The Chicago Manual of Style:

When a word or term is not used functionally but is referred to as the word or term itself, it is either italicized or enclosed in quotation marks. Proper nouns used as words, on the other hand, are usually set in roman.

  • The term critical mass is more often used metaphorically than literally.
  • What is meant by neurobotics?
  • The i in the name iPod is supposed to invoke the Internet.

Although italics are the traditional choice, quotation marks may be more appropriate in certain contexts. (And in some electronic environments, quotation marks may be more portable or otherwise practical than italics.) In the first example below, italics set off the foreign term, and quotation marks are used for the English. In the second example, quotation marks help to convey the idea of speech.

  • The Spanish verbs ser and estar are both rendered by "to be."
  • Many people say "I" even when "me" would be more correct.

Even though this topic is a matter of style/convention (it seems that even The CMS is reluctant to give a definite opinion), is there a source for a comprehensive discussion as to why one should prefer one to another?

  • These are mere conventions. There is no compelling reason to prefer one convention over another in this or any other matter, since the entire point of convention is to set a standard where no external grounds for selection exist. In other words, it does not matter what we agree on, only that we agree. And in some cases, we agree that either of two ways works because both are extant in the field and there is no compelling reason to choose between them.
    – user16226
    Dec 9, 2017 at 18:13
  • @Mark Thank you for your comment. Just because the topic is mostly a matter convention, it doesn't automatically follow that "there is no compelling reason ..."
    – blackened
    Dec 9, 2017 at 18:16
  • Where there is a compelling reason, we choose by necessity rather than convention. We create conventions where there is no compelling need other than consistency. Necessity would compell us in the same direction without a convention. We invoke convention to achieve consistency where no one solution is imposed by necessity.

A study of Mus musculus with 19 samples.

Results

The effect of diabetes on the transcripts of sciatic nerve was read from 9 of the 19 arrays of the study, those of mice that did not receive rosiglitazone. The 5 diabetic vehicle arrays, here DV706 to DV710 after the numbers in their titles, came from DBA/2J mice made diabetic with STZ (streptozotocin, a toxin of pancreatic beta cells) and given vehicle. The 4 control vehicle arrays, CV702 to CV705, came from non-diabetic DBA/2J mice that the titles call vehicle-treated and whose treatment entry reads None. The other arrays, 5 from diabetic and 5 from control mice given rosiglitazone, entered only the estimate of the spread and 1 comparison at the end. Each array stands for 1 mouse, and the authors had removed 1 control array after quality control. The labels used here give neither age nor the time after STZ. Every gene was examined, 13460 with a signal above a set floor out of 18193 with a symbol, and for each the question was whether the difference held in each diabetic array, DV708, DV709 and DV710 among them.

– user16226
    Dec 9, 2017 at 18:40
  • I doubt there IS any comprehensive discussion. When more than one style can be used, the reasons to choose one over another is to use what a particular audience expects, and/or for clarity within the context of where the sentence appears. Those can overlap, of course, things are more clear to audiences when stated in the language, grammar or style they have come to expect. Another reason to use something besides italics is if italics are reserved for something else, like in fiction, emphasis or unvoiced thoughts. Or double quotation marks are reserved for speech, as they are in fiction.
    – Amadeus
    Dec 9, 2017 at 18:48
  • We should also note that in many cases audiences have seen both conventions and are equally familiar with both of them. A convention does not have to be singular to be clear, it only has to be familiar. Where there are two conventions, both well known, it really is a flip a coin situation. When it comes to language, much of it is settled by long usage, not logic or imperative, and long usage permits a myriad of arbitrary and optional features to exist.
    – user16226
    Dec 9, 2017 at 19:17

1 Answer 1


Is there a source for determining the convention?

Yes. It is the editor of the book you are trying to publish. Following TCMOS is in itself a convention. Several items change from edition to edition. And some authors are just stubborn.